Avoiding bias in recruitment and promotion

Cornerstone OnDemand's Christine Chenneour outlines how to eliminate bias in recruitment and promotions to create equal opportunities for their workforce.

Avoiding bias in recruitment

Today is International Women’s Day, and there continues to be plenty of discussion in the media about how we can improve workplace equality. Many moves are being made in the right direction, like the UK introducing mandatory gender pay gap reporting from April 2017, but there’s still plenty to be done. While big, legislation changes are good, companies also need to look at the little changes that can be made to help the bigger goal of equality.

Unconscious bias is one such thing that needs to be resolved, particularly in the hiring and management of people. Conscious bias is when people discriminate on purpose, and of course, people that discriminate on purpose should be condemned by law. But with unconscious bias, it can be that people in HR, recruiting, or another department do not consciously try to discriminate. When you tell them what they’re doing is wrong, they probably didn’t even realise it was happening and might be ready to change.

Educating anyone involved with recruiting, selecting, managing and evaluating people about discrimination has to be a pre-requisite.  HR will always try to avoid discrimination, but analytics from HR software can also help you understand where issues are occurring. This is particularly relevant for companies who might have quotas to meet for women or minorities.

For instance, a business might look at data on salary differences between men and women in its company and find that a particular department has a low percentage of women in managerial positions. The snap reaction may be to promote more women to manager in that department to fix it, but a deeper look at the data may show that the proportion of women in the department is also lower compared to the rest of the company. They actually need to hire more women in that area. If promoting, it’s a matter of finding the best profiles within the pool of talent you want to promote, but in reality, it’s the recruiting process that has to change. Utilising more intelligence and precise data will find where the problem truly lies and bring about the better solution.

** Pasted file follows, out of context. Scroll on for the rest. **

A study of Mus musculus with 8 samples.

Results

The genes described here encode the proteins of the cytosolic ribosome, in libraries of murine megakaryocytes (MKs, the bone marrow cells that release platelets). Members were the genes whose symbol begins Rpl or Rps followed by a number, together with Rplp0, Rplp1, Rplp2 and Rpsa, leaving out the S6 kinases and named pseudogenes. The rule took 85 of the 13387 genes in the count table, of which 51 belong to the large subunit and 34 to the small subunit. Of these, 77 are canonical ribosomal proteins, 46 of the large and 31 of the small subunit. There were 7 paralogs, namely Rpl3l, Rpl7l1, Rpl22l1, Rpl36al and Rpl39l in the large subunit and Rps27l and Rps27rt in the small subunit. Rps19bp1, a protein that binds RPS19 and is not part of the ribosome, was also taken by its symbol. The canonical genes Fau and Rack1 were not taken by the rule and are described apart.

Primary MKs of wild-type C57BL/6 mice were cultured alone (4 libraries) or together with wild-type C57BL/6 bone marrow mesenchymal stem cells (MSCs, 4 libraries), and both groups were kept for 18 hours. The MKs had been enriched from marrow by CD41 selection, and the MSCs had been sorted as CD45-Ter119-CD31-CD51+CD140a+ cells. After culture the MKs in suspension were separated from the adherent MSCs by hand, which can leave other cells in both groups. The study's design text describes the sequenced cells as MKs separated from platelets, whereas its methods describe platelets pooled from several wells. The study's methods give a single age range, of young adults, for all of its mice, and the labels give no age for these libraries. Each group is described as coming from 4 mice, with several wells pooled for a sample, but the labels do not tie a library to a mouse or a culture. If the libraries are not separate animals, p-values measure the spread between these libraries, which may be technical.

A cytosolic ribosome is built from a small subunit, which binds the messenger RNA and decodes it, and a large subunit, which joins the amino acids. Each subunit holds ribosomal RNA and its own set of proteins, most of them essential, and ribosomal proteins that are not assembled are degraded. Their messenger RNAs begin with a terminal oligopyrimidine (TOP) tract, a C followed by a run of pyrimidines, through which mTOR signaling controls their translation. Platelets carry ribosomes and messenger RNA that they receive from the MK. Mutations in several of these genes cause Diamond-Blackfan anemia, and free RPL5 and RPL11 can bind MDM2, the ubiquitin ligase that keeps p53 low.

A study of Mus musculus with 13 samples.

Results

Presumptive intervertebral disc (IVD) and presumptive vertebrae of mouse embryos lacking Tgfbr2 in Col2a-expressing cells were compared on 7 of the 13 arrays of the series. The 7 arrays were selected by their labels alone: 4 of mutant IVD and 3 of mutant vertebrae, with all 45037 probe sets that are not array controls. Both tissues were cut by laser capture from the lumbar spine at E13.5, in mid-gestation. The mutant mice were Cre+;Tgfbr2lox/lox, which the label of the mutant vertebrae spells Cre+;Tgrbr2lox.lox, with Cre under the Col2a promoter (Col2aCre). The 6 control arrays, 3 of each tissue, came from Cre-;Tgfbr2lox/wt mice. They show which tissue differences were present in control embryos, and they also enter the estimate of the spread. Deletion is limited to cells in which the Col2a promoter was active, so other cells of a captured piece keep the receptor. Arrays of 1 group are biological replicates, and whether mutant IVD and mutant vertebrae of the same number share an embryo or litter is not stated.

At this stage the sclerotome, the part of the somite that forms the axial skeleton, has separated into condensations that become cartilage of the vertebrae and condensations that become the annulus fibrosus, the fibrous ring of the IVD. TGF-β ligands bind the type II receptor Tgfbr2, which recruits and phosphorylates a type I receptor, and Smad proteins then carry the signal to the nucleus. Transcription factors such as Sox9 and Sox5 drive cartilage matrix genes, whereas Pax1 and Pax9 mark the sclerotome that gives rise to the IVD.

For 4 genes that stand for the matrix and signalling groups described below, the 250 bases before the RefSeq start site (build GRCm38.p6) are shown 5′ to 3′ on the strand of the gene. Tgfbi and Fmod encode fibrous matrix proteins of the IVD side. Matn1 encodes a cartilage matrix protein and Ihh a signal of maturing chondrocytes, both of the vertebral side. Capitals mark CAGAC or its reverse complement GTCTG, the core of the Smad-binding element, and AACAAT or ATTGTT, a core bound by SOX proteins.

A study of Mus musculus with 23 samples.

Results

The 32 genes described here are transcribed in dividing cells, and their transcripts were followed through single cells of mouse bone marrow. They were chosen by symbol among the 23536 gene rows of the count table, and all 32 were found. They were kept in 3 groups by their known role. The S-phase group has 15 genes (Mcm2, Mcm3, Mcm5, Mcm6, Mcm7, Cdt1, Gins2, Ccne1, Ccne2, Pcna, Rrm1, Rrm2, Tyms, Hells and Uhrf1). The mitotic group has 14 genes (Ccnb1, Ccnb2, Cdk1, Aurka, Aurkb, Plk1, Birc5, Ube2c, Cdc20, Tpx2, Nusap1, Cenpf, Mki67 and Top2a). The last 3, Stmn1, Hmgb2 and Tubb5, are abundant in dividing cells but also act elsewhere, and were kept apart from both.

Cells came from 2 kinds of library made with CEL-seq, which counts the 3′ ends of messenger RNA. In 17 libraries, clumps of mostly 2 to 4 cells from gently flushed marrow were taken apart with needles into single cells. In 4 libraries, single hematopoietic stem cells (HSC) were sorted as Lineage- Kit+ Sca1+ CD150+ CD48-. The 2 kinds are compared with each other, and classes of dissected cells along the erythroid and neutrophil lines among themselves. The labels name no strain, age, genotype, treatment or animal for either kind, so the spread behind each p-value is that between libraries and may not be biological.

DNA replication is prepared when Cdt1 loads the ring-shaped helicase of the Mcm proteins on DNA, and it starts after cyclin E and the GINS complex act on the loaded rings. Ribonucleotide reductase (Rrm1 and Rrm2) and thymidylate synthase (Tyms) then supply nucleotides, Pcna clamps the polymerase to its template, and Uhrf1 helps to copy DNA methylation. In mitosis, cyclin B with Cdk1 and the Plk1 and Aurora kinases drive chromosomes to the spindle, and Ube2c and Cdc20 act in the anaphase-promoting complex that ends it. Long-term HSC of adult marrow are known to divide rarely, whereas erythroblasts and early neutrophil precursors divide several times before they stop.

In terms of resolving bias in recruiting, recruiters should first sort through a mass amount of CVs by using HR software to apply filters for qualifications and be left with those that match. Then this can be followed up with something like behavioural assessments. If the recruiter is manually going through a pile of printed CVs, there is a chance they may see someone’s name, gender and so on and dismiss them too quickly due to unconscious bias, so a filtering process through software can prevent this by stripping away the demographic details. From there, it’s a matter of getting more people involved in the hiring process – the more people who review the CVs and candidate interviews the smaller the possibility of unconscious bias.

When managing and promoting, managers need to know who is doing a good job. Bias could occur here if only one person is evaluating an employee’s work, so again you need to lower the risk of unfair evaluation. There’s been a lot of talk in the past year about annual appraisals being a thing of the past. They do have their place still – but if you want accurate information on an area like work quality, you need different and more frequent ways to assess this.  If you have proper HR software tools that aid with succession planning, performance, and more, the software system will also give suggestions on who may be ready for a promotion, who could be trained to be a manager, and more. The software does not discriminate by gender or any other personal demographic data, which is why gathering the correct information on people is so important.

To achieve true equality at work, companies need to take initiative and ensure they’re making the necessary small steps to achieve the bigger goal. Legislation change like gender pay gap reporting will expose things like the proportion of men and women receiving bonuses, the proportion of men and women in each quartile of the organisation’s pay structure, and the pay gaps themselves. However, while a company with big gender pay gaps might lose potential candidates, it won’t necessarily make them change behaviours. The companies that act to help stop discrimination through steps like using HR software to prevent unconscious bias will be those who come out stronger and with happier, more productive staff in the long run.

Christine Chenneour is the HR and talent director at Cornerstone OnDemand.